Friday, September 30, 2011

Laser Tech Could Detect Roadside Bombs

This design concept appears to plausibly solve the roadside bomb detection problem.  Link that bit of detection with a computer driven dynamic search program and the weapon may end up put out of business.

Inasmuch as the IED has been the only creditable response available to the Islamic insurgent along with the suicide bomber, we may have the system that stops them cold.  Recall that the only reason these methods are deployed at all is because all conventional methods fail miserably.

I recall a heads up knock down confrontation in Kandahar during the initial deployment of NATO forces there in which I suspect that the Taliban were suckered into and in which they took over five hundred casualties in a tactical box against minimal casualties for NATO.  That was effectively the one and only instance of conventional methods attempted by the Taliban.

Now we can expect to remove their remaining weapon of any significance with this new protocol.  It will certainly take some time to develop and deploy but I hope it gets the priority it deserves.

New laser tech could detect roadside bombs

15:58 September 19, 2011

A new system that utilizes laser light to detect the presence of explosive compounds could be used to identify roadside bombs

Approximately sixty percent of coalition soldier deaths in Iraq and Afghanistan are due to improvised explosive devices (IEDs), placed along the roads. Because these bombs are often planted in public areas, it is important to detect them in a way that doesn't harm the surrounding infrastructure, or unnecessarily require civilians to evacuate nearby buildings. Researchers from Michigan State University believe that a laser-based system that they developed could fit the bill.

The laser itself is similar in output to a simple presentation pointer. Used in conjunction with a camera, it would direct both short and long pulses of light at suspicious objects or areas. The short molecules cause the molecules of explosive substances to vibrate, while the longer pulses are used to "read" those vibrations, which are unique to each explosive substance.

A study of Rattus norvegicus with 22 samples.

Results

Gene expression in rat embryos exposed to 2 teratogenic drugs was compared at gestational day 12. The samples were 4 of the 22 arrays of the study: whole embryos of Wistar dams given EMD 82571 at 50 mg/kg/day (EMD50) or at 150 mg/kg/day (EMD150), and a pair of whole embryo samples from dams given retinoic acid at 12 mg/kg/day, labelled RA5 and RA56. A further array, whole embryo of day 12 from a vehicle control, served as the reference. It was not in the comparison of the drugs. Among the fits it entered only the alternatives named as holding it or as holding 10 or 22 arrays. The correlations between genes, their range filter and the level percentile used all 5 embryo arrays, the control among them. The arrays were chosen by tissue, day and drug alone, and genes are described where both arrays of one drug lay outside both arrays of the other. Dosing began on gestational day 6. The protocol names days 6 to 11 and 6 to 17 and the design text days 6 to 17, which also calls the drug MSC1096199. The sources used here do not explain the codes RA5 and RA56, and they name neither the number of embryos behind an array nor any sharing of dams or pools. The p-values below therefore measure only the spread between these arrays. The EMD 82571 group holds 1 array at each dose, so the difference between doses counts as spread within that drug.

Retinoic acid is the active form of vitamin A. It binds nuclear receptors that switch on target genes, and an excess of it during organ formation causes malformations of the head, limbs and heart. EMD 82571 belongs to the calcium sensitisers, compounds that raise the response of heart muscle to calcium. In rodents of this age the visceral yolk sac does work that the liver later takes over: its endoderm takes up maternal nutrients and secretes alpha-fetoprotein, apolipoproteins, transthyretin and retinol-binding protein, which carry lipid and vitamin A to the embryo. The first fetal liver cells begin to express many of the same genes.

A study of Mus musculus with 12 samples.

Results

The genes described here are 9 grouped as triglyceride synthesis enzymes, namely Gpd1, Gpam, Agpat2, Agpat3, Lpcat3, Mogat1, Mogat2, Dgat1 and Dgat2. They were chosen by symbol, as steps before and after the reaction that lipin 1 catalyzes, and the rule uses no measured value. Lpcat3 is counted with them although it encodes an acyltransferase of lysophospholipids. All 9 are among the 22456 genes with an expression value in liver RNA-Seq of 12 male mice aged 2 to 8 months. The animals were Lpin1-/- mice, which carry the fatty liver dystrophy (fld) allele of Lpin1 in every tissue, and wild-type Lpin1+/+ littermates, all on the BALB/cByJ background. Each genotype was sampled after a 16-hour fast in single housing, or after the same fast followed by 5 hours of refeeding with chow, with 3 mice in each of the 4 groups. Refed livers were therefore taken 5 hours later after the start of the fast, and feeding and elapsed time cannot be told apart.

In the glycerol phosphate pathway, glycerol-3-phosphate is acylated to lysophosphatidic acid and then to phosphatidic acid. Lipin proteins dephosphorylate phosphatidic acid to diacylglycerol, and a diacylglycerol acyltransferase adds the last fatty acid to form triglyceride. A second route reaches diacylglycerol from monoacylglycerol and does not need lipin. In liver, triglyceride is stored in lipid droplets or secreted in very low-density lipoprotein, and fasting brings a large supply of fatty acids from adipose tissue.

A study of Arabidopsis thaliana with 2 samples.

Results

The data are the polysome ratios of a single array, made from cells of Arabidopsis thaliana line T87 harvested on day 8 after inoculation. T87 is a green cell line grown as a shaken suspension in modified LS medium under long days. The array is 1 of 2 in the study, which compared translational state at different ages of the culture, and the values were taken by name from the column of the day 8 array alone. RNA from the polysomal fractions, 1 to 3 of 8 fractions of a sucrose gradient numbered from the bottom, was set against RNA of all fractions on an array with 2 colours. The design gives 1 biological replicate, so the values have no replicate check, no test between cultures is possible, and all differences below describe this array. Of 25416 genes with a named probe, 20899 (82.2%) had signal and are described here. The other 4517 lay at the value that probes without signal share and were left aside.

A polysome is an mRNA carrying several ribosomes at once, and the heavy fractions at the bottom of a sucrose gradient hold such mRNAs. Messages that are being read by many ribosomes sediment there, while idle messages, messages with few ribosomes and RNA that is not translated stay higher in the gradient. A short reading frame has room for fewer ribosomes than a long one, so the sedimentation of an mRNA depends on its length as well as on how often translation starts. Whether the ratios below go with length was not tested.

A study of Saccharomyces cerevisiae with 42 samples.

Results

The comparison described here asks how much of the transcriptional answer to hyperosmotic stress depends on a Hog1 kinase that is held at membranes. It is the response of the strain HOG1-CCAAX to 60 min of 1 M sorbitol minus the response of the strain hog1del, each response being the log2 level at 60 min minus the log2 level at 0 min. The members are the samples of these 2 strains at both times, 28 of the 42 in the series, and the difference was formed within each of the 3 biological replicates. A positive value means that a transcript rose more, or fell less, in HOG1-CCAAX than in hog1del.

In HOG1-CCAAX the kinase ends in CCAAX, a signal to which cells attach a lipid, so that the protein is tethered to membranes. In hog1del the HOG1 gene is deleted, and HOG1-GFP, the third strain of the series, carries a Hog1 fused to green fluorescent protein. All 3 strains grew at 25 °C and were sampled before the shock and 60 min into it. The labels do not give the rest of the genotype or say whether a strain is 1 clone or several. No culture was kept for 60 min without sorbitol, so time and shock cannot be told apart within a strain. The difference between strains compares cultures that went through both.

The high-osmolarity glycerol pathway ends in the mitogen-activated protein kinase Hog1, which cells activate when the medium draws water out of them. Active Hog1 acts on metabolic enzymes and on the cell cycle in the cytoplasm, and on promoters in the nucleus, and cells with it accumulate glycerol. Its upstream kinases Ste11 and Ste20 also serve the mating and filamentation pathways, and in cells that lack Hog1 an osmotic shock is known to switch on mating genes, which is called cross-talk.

One of the challenges of field detection of explosives is the fact that there are so many similar chemical compounds present in the environment, and they can mask the sought-after molecules. Using the laser system, however, even a billionth of a gram of explosives can reportedly be detected.

The Michigan State technology is now being developed by spin-off companyBioPhotonic Solutions. A similar system is currently being researched at Princeton University.

EAST LANSING, Mich. — A research team at Michigan State University has developed a laser that could detect roadside bombs – the deadliest enemy weapon encountered in Iraq and Afghanistan.

The laser, which has comparable output to a simple presentation pointer, potentially has the sensitivity and selectivity to canvas large areas and detect improvised explosive devices – weapons that account for around 60 percent of coalition soldiers’ deaths. Marcos Dantus, chemistry professor and founder of BioPhotonic Solutions, led the team and has published the results in the current issue of Applied Physics Letters.

The detection of IEDs in the field is extremely important and challenging because the environment introduces a large number of chemical compounds that mask the select few molecules that one is trying to detect, Dantus said.

“Having molecular structure sensitivity is critical for identifying explosives and avoiding unnecessary evacuation of buildings and closing roads due to false alarms,” he said

Since IEDs can be found in populated areas, the methods to detect these weapons must be nondestructive. They also must be able to distinguish explosives from vast arrays of similar compounds that can be found in urban environments. Dantus’ latest laser can make these distinctions even for quantities as small as a fraction of a billionth of a gram.

The laser beam combines short pulses that kick the molecules and make them vibrate, as well as long pulses that are used to “listen” and identify the different “chords.” The chords include different vibrational frequencies that uniquely identify every molecule, much like a fingerprint. The high-sensitivity laser can work in tandem with cameras and allows users to scan questionable areas from a safe distance.

“The laser and the method we’ve developed were originally intended for microscopes, but we were able to adapt and broaden its use to demonstrate its effectiveness for standoff detection of explosives,” said Dantus, who hopes to net additional funding to take this laser from the lab and into the field.

This research is funded in part by the Department of Homeland Security. BioPhotonic Solutions is a high-tech company Dantus launched in 2003 to commercialize technology invented in a spinoff from his research group at MSU.